We’re in the fourth and final post of the series: Maintenance and Further Prevention. This phase details how I am able to maintain a debt-free lifestyle and a controlled shopping addiction. Controlled? Does that mean I’m still a shopaholic? I don’t think I am for the most part – I still love shopping and I still have urges, but I no longer feed my addiction to nearly the extent I did before.
Savings And Long-Term Goals
From 2005-2008, my debt and shopping addiction was spiraling out of control. I finally recognized I had a problem and set about fixing the problem from 2008-2010. In 2010, I was out of debt and in mid-2011, I had my dream wedding. At that point, I started to focus on contributing to the savings. My husband Justin had saved more than enough for an emergency fund since handing me our wedding fund. I set a personal goal to save as much as possible. I didn’t have reason to save with a deadline like I had with my wedding. I just knew that we wanted to build a substantial savings for our future. We plan on having children and eventually owning a house. We also wanted to travel as much as possible before expanding our family. We decided on a specific amount to save aka Savings Goal 1 then we’d go from there.
Justin and I added each other to our accounts, however we manage our finances separately as we did pre-marriage though I keep track of our entire savings. Currently my budget breakdown looks more like this:
- 14% Living Expenses – This has changed drastically. My brother and I sold our condo, and we’re now renting an apartment down the street from where we used to live. Also, I used to budget my cellphone bills within my living expenses. After the wedding, I switched over to my husband’s provider under his bill so I no longer include it in my personal budget.
- 19% Car Expenses – Justin and I purchased a car so these expenses include the loan payment, insurance, gas, and maintenance. Insurance for our two cars and rental are consolidated into one payment. We got a five year loan but we plan to pay it all off as part of Savings Goal 1.
- 7% Credit Card Payments – This accounts for significantly less than it used to. I rarely use my credit cards nowadays so there will be months where I don’t even need to submit a payment. When I do use them, it’s usually for travel expenses and buying e-books on my Kindle. I’ll submit payments for the entire balance or work it out so I pay it off in no more than three months.
- 40% Savings – This makes up the largest percentage in the breakdown. This coincides with my focus. Once we reach Savings Goal 1, I plan to open a Roth IRA. Maybe we’ll start investing in stocks?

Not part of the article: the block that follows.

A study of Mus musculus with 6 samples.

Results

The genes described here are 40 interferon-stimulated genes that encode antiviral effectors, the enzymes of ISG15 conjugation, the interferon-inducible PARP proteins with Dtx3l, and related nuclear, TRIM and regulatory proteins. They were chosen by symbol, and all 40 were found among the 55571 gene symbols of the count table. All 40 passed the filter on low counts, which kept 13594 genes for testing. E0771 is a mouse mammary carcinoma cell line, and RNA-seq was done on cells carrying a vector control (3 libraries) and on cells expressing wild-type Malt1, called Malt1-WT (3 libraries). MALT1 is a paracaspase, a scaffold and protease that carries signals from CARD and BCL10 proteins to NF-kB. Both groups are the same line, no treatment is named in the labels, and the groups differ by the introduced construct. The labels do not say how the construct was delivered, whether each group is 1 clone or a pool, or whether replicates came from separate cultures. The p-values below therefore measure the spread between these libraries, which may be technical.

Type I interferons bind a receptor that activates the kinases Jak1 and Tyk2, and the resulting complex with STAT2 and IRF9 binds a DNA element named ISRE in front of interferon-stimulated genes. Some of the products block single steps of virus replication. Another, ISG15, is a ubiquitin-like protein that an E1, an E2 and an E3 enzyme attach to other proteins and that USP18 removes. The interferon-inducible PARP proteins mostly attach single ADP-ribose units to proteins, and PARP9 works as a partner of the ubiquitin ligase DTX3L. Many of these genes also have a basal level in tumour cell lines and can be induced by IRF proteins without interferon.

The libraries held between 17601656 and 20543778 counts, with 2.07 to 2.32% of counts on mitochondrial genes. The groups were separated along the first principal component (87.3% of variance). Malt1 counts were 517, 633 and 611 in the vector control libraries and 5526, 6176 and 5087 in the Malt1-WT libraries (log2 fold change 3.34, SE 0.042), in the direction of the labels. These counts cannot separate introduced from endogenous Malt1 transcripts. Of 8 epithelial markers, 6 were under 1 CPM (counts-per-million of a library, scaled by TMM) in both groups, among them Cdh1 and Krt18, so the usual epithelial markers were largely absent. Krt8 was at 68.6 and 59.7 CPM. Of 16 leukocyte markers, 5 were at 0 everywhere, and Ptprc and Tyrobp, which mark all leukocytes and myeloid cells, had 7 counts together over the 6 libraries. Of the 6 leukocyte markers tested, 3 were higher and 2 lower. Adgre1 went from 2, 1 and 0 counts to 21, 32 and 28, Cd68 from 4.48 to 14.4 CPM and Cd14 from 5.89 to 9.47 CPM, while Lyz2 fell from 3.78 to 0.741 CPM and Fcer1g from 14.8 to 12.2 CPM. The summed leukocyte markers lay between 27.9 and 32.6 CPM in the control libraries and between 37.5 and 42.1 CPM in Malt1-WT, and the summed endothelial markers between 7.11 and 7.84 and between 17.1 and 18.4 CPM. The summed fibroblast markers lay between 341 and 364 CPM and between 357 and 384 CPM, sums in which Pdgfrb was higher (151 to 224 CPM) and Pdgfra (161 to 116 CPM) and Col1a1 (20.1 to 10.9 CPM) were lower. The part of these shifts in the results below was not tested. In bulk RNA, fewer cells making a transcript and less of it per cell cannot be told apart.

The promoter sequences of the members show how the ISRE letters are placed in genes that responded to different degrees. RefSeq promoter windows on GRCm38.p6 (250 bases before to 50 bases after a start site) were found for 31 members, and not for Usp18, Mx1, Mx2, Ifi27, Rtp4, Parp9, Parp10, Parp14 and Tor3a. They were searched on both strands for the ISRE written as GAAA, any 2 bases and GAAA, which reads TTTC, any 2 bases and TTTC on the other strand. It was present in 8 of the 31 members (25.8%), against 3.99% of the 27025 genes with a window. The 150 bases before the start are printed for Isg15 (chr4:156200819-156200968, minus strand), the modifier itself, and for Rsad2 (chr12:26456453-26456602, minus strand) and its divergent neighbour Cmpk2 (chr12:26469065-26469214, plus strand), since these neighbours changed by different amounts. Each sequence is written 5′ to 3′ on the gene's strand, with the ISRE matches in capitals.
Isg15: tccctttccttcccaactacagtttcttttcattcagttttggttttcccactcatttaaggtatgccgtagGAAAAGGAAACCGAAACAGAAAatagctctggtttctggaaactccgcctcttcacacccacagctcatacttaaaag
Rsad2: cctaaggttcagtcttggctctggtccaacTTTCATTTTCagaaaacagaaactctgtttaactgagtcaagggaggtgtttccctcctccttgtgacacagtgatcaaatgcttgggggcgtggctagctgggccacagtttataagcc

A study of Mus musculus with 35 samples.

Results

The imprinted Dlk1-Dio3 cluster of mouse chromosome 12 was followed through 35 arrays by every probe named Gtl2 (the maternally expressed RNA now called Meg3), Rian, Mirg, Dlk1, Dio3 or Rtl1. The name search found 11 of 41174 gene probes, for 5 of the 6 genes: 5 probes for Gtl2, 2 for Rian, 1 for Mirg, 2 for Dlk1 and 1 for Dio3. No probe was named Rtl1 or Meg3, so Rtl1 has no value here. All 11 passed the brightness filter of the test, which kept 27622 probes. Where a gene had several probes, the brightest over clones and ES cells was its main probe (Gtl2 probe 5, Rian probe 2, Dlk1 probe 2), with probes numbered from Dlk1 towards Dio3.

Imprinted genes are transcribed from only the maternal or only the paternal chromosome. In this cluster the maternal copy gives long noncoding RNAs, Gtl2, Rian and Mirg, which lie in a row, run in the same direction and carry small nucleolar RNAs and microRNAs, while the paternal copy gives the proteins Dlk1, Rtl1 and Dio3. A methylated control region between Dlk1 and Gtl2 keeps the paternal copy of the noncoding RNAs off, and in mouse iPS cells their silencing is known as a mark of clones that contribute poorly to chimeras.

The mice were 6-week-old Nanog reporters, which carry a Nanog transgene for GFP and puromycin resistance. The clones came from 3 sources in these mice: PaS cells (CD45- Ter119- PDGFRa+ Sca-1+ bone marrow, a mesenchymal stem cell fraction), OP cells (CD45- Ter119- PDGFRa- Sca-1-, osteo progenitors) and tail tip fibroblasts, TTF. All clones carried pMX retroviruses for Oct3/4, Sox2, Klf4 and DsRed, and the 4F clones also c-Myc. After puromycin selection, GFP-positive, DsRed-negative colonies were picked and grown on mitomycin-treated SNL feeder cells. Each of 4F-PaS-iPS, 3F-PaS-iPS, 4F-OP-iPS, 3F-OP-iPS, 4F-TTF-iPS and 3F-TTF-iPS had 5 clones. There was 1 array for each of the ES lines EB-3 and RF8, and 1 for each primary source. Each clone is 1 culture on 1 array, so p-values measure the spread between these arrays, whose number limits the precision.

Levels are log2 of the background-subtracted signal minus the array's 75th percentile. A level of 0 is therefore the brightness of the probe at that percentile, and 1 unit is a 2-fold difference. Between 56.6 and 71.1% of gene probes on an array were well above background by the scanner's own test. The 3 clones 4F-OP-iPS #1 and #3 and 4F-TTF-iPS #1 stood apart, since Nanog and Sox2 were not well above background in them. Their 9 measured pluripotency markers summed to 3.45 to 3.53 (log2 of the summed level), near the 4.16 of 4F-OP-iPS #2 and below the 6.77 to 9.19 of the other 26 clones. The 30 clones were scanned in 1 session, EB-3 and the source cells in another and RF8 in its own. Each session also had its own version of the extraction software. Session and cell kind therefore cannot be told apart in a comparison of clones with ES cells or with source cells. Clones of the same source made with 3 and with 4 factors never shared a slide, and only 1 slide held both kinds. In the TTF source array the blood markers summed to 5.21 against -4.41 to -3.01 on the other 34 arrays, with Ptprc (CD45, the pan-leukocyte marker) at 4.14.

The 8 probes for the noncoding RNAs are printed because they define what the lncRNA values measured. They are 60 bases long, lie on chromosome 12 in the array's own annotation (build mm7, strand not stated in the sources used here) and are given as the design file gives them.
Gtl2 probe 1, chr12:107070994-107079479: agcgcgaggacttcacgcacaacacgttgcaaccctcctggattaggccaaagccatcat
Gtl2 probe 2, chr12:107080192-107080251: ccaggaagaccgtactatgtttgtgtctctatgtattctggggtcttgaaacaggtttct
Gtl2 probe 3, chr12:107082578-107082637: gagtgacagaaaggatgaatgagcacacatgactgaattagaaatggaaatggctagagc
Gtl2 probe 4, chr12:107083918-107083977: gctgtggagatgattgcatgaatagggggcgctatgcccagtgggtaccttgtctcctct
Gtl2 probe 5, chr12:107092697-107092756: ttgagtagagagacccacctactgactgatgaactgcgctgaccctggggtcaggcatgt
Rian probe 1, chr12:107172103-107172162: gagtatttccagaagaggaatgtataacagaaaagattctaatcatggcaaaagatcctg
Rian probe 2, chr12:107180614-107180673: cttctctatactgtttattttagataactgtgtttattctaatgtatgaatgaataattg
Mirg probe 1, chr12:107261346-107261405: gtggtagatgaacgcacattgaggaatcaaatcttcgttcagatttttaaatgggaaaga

- 20% Miscellaneous – I’ve consolidated food, entertainment, shopping, etc. into this category because these vary. I judge my spending on whatever is leftover after the above breakdown items.
I’ve made a habit of tracking my finances daily. Every morning, I’ll check all my accounts and update my budget spreadsheet to calculate how much of the Miscellaneous I have left. Every paycheck, I’ll perform recalculations and estimate spending for next pay period. As mentioned, I also keep track of our savings. I’ve become quite Excel savvy! Here’s my current spending cycle:
And I’ve controlled my shopping habits. I’ll plan ahead if I want to go shopping. Yes, I still go shopping but I’m not spending around $500 every pay period as before. That’s averaging $1000 in a month! Recently, I’d spend at most $300 in a couple months on clothes, shoes, and makeup. I’m sure I’ll write posts on what clothes, shoes, makeup, etc. I purchase. They still bring me much delight! I also don’t go to the mall as often. Justin HATES going to the mall so if I do go, it’s usually on an off Friday (I work a 9/80 schedule so I get every other Friday off). I don’t like going to the mall on Saturday or Sunday because I consider that our quality time.
There are three big motivators for me to focus on saving, thus helping me maintain control of my spending:
1) I never wanted to be in the financial position I was previously in.
2) I changed my mentality in spending once I understood why I became a shopaholic (Step 1 in the Solution). Last year, I realized that materialistic things don’t necessarily equate to success. I had all those things, but they weren’t giving me peace of mind and happiness which sort of led me to motivator 3.
3) I came to the conclusion I will eventually run a full-time business. I want to feel fulfilled and follow my passions. I’m still figuring all that out, but I know that it will take a lot of financial sacrifices therefore I have to start acting like I’m on a more limited budget (by putting a lot of my income into my savings!).
Justin and I are easily able to make pricier purchases because we have a substantial enough savings where we could elect to not contribute for a month or take money out without it being a significant hit. For example, we put a hefty down payment when we purchased our car. Since our wedding, my husband and I have travelled a lot – Cancun, Maui, Europe (Paris, Amsterdam, Rome, and Barcelona), NYC, and San Francisco Bay Area at least five times. We’re going to Thailand and Hong Kong in less than a month (super excited!), Vallarta for my brother’s wedding next year, and we’re planning to travel more in the future. Oh, and I guiltlessly had my husband buy me a Chanel purse while in Paris. I couldn’t quite allow him to get the classic flap bag because it costs as much as our whole Euro trip!
So, what’s my point? Where am I getting at?
- You can get out of debt
- You can control your shopping addiction
- You can build a substantial savings
- You can still make bigger purchases and travel the world
- You can do all this but you have to change your mentality and stay motivated
Here’s a summary of the steps I took (and am still taking) to shopaholic recovery:
I hope you’ve found this series helpful. Anything to add? Questions and comments are highly encouraged!